It is dawn and all is still,
The smell of settled dust and washed leaves fills the air.
The sky, once dark and threatening, turns blue.
The birds sing and chickens cluck over upturned food.
When the storm came, all was lost,
Nothing seemed right,
No movement was heard in the night except the beating of rain on every
surface, like drums beating the war cry.
All night long the rain came down, the once welcomed trickle turned into a nasty storm.
What was once beautiful turned into a nightmare
It was a great storm, a turbulent time that one thought would never end
Everything changed the day my heart died
Eyes lost their sparkle,
Happiness faded into a distance.
The dull ache stayed permanently just below the womb
Now the storm was over,
The calm that followed was a shock.
The effects of the storm showed in various ways:
Things that were up-rooted were things that were washed away.
Others were destroyed
Some so far gone that there was no repair.
Others like the seeds just floated along, settled and started to flourish.
The strong became stronger.
The rays of light touched the heart, melting away all fear,
The terror that once held one captive disappeared
What was the purpose of the storm? We will never know,
But out of it all came a certain understanding,
A certain peace, a certain calm, a certain strength
And determination to go on and on and on.
After the Storm - Mariska Taylor-Darko
Read More: Mariska Taylor-Darko
Some are born to be poets. I mean, some have it as a call upon their soul. Such people often write with spirit and revelation - to the utmost profit of their readers.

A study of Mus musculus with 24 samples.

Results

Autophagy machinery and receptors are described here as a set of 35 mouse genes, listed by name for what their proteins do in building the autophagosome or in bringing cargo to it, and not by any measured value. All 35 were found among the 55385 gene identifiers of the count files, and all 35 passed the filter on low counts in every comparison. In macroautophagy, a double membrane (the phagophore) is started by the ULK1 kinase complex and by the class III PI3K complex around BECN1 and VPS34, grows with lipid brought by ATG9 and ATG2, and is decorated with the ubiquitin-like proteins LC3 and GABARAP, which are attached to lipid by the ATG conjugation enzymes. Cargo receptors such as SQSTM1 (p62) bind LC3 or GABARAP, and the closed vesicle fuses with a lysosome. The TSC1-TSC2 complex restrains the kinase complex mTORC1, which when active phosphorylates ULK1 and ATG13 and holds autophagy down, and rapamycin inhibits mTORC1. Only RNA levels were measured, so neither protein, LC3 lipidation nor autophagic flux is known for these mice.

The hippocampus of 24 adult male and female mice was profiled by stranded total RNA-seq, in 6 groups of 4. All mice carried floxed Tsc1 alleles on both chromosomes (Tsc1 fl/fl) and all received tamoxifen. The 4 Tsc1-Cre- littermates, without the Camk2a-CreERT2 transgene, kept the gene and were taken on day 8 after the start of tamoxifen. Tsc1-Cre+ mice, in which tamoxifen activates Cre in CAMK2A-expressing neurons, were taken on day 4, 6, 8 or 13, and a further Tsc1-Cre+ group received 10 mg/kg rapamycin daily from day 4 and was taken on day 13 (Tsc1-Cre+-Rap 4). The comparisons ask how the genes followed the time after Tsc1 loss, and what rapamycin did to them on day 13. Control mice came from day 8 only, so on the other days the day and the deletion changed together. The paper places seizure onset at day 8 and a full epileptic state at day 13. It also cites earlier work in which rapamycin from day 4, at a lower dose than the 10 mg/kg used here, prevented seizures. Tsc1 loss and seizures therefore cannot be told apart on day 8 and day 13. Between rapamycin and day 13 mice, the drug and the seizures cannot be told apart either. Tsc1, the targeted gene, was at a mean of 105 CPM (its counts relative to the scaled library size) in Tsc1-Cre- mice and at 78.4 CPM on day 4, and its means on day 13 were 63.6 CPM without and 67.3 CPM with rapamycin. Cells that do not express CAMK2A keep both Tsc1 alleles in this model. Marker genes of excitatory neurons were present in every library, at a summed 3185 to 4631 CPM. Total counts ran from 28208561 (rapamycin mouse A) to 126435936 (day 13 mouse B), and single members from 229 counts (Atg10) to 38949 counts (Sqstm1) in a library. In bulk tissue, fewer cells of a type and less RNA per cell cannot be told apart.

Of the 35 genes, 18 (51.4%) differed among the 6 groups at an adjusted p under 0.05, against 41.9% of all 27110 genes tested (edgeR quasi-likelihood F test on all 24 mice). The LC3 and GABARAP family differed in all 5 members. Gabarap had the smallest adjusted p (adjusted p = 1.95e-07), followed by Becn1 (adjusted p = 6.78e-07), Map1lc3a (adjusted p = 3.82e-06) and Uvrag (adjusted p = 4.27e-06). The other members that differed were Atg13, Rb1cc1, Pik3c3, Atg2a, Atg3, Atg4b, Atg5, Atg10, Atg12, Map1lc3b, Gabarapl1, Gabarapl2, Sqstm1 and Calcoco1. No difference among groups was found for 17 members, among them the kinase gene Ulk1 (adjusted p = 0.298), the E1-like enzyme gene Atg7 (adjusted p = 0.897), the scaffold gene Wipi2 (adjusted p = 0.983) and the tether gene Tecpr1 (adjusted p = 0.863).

As I have read Mariska's poetry for a while, it gives me much pleasure to address her as one of those who have been called.
Although we share a common name, I am particularly in favour of her brilliant work, and truly an admirer of her full name.
Thank you Darko Antwi. To be put in the league of one of those who have been called (by a fellow writer) is an honour.
Seems that poets of witness is a genre seemingly closer to the hearts and eyes of female contributors this however only enhances the richness of the spectrum.
The poem a reflective lament to what to who? on the deeper level.Its strength and pondering beauty lies in the mysterious possibility.
Futhermore welcome back--Mariska.---------Silverzorro.
Its amazing. Keep writng. I want more from you.
Don't want to offend so I'm treading the tide here; but I find it quite elusive. Just when I think I have a faint idea of what it says, some line disabuses my arrogance, and before I know it I've crossed the line btn the present and the past. Knowing how the poem started puts a different light on it.
I'm not sure why the poetry of witness should necessarily be gender specific. Some of the best poetry on/about Biafra was written by men, and they didn't all fight - but then that was a lifetime ago.
Still my condolences Mariska
Thats a beautiful poem, the imagery and how Mariska builds on each line seduces you to want to be there in her thought.
'The dull ache stayed permanently just below the womb'
Mariska's poem is a weave of sentiments. The nausea that perpetually remains after gut-wrenching sorrow is best captured in the above-quoted lines from 'After the Storm'
Here is a poet whose poetry is a reportage on the human capacity to contain, and overcome, the many storms that define our existence. From struggle comes sense and sensibility. Mariska came, she saw and she conquered.
Thanks for sharing this splendid poem and please accept my condolences.